The Variety Theatre, located in Cleveland, Ohio, was in operation from 1927 until 1984. It is listed as a Cleveland Landmark and is on the National Register of Historic Places.6 After years of abandonment, the theater is being restored.


History

With Clara Bow starting in “Hula,” the Variety Theatre was opened by Sam Stecker, Meyer Fine, and Abe Kramer 6 on November 24, 1927.1 2 3 4 Variety Amusement Company operated the 20,000 square-foot, 1,900 seat facility.5

Designed by Cleveland architect Nicola Petti, the two-story Spanish gothic-styled 6 building boasted a Kimball organ,5 a 350-seat balcony, and orchestra pit. It also featured an elaborate interior with walls and ceilings adorned with cut-glass chandeliers, marble, brass, and tapestries.3 5 6 Fireproof Rackle Artstone was used for ornamental work.4 Outside was eight storefronts and 13 600 square-foot one-bedroom apartments.2

The theater complex was built by Stecker, Fine, and Kramer at a cost of $2 million.12

The Variety Theatre was sold to Warner Brothers in 1929.6 In 1953, the building was damaged in a tornado which required the removal of the marquee. It was not replaced.

In 1954, the Variety was sold to Edward and William Wargo, both realtors, for $500,000.6 The Variety continued to be operated by Community Circuit Theaters Company until 1976. It was then acquired by Russell Koz who ran the Variety as a second-run movie house.

The Variety was opened as a venue for heavy metal rock bands in April 1985.11 Touring bands included Metallica, the Dead Kennedys, and Motorhead. During a Motorhead appearance in the fall, portions of the plaster ceiling collapsed on patrons due to the level of noise being played.9

On January 24, 1986, Judge Thomas O. Matia issued a preliminary injunction that the noise from the rock concerts be confined within the theater. It was in response to John and Frances Heyer 10 who lived behind the venue and complained of the excessive noise and loiters.2 3 A restraining order was requested in March to stop all concerts in the Variety which was denied by Judge Richard McMonagle.

Nonetheless, the Variety closed in September.

Storefronts at the Variety were later occupied by Freedom Academy and Griswold High School, both operated by Norbert G. Dennerll, Jr.7 Dennerll founded the elementary and high school in 1980 as an alternative to forced busing after the public schools integrated.8 Most of the 600 students were white and paid $1,500 a year. Freedom Academy and Griswold High were forced to close by U.S. District Judge Frank Battisti on August 9, 1989 after the Internal Revenue Service said Dennerll owed $1.2 million in withholding taxes and penalties.7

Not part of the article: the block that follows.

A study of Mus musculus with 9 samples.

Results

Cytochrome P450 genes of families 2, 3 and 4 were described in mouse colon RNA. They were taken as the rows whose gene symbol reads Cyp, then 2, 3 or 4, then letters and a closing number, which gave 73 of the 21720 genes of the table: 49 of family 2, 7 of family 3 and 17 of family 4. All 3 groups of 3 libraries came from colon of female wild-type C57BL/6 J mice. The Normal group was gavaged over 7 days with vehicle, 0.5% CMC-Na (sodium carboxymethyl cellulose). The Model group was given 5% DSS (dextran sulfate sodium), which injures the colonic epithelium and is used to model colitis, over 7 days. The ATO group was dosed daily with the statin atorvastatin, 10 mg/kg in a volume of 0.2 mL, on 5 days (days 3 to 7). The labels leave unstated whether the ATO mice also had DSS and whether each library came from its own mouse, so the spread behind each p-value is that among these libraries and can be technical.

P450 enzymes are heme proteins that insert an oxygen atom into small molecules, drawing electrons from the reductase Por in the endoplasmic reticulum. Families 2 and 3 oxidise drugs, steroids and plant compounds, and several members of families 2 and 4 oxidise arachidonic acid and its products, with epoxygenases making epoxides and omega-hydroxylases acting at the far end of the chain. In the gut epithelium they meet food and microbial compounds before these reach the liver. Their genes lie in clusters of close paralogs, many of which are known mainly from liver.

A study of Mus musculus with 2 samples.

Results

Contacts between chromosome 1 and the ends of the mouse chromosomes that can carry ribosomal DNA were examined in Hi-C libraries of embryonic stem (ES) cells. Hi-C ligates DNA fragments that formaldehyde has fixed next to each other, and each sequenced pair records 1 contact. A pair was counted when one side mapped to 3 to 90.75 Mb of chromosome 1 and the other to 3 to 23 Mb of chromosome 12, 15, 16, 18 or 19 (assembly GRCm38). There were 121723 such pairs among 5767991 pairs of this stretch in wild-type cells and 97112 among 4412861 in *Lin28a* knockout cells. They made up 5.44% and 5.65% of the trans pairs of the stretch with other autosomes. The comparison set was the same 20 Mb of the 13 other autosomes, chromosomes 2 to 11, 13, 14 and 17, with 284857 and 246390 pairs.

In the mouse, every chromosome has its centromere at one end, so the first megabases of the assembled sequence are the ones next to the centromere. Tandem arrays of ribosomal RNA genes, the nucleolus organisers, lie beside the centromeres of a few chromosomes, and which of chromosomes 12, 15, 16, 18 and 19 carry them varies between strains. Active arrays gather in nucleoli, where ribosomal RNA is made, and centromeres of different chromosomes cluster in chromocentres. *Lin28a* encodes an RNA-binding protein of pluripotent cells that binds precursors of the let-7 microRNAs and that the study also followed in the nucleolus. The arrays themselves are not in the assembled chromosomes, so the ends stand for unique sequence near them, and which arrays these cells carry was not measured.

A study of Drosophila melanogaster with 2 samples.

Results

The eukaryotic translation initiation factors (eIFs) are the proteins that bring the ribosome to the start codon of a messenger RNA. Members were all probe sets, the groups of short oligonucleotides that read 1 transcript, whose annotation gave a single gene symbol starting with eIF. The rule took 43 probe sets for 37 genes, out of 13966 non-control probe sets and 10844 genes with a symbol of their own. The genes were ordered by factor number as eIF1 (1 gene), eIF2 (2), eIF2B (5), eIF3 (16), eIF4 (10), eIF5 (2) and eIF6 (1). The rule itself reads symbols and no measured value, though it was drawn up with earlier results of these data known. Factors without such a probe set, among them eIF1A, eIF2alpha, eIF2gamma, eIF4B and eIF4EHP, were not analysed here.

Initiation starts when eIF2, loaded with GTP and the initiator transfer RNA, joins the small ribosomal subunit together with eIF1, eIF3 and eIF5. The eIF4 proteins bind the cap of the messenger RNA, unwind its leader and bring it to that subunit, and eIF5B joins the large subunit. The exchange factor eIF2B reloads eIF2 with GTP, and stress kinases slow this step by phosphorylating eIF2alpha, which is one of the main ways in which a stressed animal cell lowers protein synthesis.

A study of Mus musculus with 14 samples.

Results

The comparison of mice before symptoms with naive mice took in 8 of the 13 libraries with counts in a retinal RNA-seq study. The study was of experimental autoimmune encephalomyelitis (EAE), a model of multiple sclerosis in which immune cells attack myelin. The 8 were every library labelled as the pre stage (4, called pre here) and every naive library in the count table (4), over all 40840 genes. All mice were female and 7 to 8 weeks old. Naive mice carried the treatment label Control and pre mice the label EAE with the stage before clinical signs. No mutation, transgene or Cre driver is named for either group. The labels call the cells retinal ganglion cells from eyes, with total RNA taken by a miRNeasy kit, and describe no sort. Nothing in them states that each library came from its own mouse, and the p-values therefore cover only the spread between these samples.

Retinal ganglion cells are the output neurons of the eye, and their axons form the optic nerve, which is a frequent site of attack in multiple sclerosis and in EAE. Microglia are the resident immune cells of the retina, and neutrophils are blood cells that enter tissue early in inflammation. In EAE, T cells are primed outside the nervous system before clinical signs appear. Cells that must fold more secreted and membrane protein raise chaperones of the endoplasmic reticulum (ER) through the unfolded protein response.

The theater’s last use was as the Cleveland Wrestleplex that lasted until 1990.

Restoration

Westown Community Development Corporation, a non-profit neighborhood organization, acquired the dormant Variety Theatre on June 12, 2009 12 for $1.1 million with the goal of restoring the venue for community events.2 Westown was spearheaded by Michael Ripich of American Tank and Manufacturing.Proposals called for the 300-seat balcony to become a venue for a large screen theater, although plans for the orchestra pit, stage and theater space were not finalized.1

Variety Theatre

Rendering of the restored theater. Provided by the Westown Community Development Corp.

The national recession, however, made financial lending near impossible for the proposed $8 million renovation.2 Westown had raised about $1 million and more than $200,000 in federal funds for the Variety.

Facing funding challenges, Friends of the Variety Theatre took over restoration efforts for the Variety Theatre. It applied for a state historic tax credit in 2014 but was rejected.1 It amended its application and in December 2015, was awarded $1.4 million in tax credits.13

Plans detailed in the application noted that the first floor would be renovated into a restaurant and entertainment venue operated by Cleveland restaurateur Tony George.13 Upstairs, the balcony would be renovated into a movie theater.

On September 13, 2016, the National Trust for Historic Preservation announced that the Variety was the winner of the This Place Matters awareness campaign. Installation of a new marquee, designed to be a replica of the original, was completed on September 24.13 The 28-foot, 2,280-LED-bulb marquee was fabricated by Wagner Sign funded by $110,000 in neighborhood development funding. A $100,000 grant from FirstEnergy Corporation was used to bring electricity into the Variety.